Eclipses Often Feature Prominently in Popular Culture Such as Television Shows, Novels and Films

A total solar eclipse will occur on April 8, creating a blackout of the sun, the first to pass over the lower 48 United States since 2017. While the next such eclipse to cross Canada and the U.S. won’t happen until 2044, TIME has summarized notable depictions of eclipses in novels, TV shows, and movies to help pass the time until then, courtesy of Lisa Yaszek, a Professor of Science Fiction Studies at Georgia Tech.

Eclipses seem to appear in stories when dramatic changes take place in the plot and in moments of “dangerous and negative change, chaos and confusion,” Yaszek says. Below are eight examples of eclipses in pop culture.

A Connecticut Yankee in King Arthur’s Court by Mark Twain

Yaszek calls Twain the first person who used a solar eclipse correctly in a work of modern science fiction. In the story, a 19th century engineer named Hank Morgan gets knocked out and wakes up in medieval Europe, and uses his knowledge of solar eclipses to gain power over Merlin and everyone else in King Arthur’s court. One description of an eclipse reads, “It grew darker and darker and blacker and blacker, while I struggled with those awkward sixth-century clothes. It got to be pitch dark, at last, and the multitude groaned with horror to feel the cold uncanny night breezes fan through the place and see the stars come out and twinkle in the sky. At last the eclipse was total.”

“Nightfall” by Isaac Asimov

This short story is about a group of scientists who have very emotional reactions to an eclipse. As Yaszek puts it, “It’s a really powerful story about both how scientists can get it wrong, but also how scientists have feelings and how we all have feelings and how moved we are by these massive events around us.” One perception of what will take place after an eclipse, from a psychologist: “‘First the eclipse — which will start in three quarters of an hour — then universal Darkness and, maybe, these mysterious Stars — then madness, and end of the cycle.'”

The Three-Body Problem by Liu Cixin

This book, which was recently adapted for a Netflix series, technically features a syzygy, which happens when the sun, moon and earth are in close to a straight line during a solar or lunar eclipse. In the 2008 novel, eclipses are seen as destructive. Aliens are looking to invade Earth because their planet has become unstable and uninhabitable due to multiple eclipses. As Yaszek describes how this science term is used in the novel, “It reminds us of the awe and the terror of eclipses. We tend to associate eclipses with changes in luck, fortune, and history, and is an amazing dramatization of that.”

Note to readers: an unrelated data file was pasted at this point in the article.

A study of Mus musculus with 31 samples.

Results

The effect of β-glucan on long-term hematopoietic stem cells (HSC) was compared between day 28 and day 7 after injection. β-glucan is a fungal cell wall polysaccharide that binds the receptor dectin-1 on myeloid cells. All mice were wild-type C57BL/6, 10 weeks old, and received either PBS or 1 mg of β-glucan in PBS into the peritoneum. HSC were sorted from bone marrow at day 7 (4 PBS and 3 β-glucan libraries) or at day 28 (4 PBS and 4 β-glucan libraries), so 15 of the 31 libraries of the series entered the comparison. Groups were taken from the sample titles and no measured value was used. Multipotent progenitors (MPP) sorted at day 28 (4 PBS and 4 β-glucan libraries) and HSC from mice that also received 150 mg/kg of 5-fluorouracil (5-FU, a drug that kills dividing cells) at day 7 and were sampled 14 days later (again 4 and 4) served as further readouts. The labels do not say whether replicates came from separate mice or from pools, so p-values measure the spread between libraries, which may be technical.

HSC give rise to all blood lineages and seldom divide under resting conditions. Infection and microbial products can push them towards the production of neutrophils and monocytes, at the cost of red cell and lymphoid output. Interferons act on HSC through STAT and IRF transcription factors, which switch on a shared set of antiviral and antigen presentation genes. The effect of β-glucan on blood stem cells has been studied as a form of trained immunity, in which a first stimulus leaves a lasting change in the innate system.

The Eclipse: Courtship of the Sun and Moon

In this roughly 10-minute 1907 short film, the director Georges Méliés plays an astronomer lecturing a class of young astronomers about an upcoming eclipse. When the time has come, he peers through a giant telescope to watch an eclipse and sees the moon and the sun both have human faces and are winking at one another and sticking their tongues out, seductively, as the moon makes its way to the sun. When the moon covers the sun, the implication is that they’re having some sort of sexual encounter. According to the film, Méliés is considered a “father of the science fiction genre in film.”

2001: A Space Odyssey

Stanley Kubrick’s 1968 classic begins with an eclipse, the Earth, Moon, and the sun in alignment. The Moon gradually moves towards the bottom of the screen, revealing the full sun in an orange glow. It’s not a view from Earth, but from somewhere else in the solar system. Then the movie segues to “the dawn of man.” To Yaszek, opening the movie with an eclipse represents how they “get used to mark these sorts of changes in history and in moments.”

Pitch Black

David Twohy’s 2000 film is set on a remote planet where a spacecraft has crashed, killing most of the passengers. A prisoner played by Vin Diesel turns out to be really helpful during a solar eclipse because he can see perfectly in full darkness. When an eclipse occurs, and chaos erupts during the moment of darkness, the prisoner leads the effort to get things under control. Amid the darkness, an English antiquities dealer finds his stash of fine wine can be used as fuel.

The Simpsons: “Marge vs. the Monorail” and “Gone Maggie Gone”

In the 1993 episode an eclipse occurs while the solar-paneled monorail is speeding out of control. The monorail stops briefly, and when the eclipse passes and the sun comes out, the monorail goes back to speeding out of control. In “Gone Maggie Gone,” the Simpsons family is looking at an eclipse in Springfield through contraptions made out of shoe boxes and a toilet paper roll. Homer looks at the eclipse without glasses and then has to wear a bandage over them for two weeks. A news anchor jokes “a total eclipse is like a woman breastfeeding in a restaurant, it’s free. It’s beautiful. But under no circumstances should you look at it.”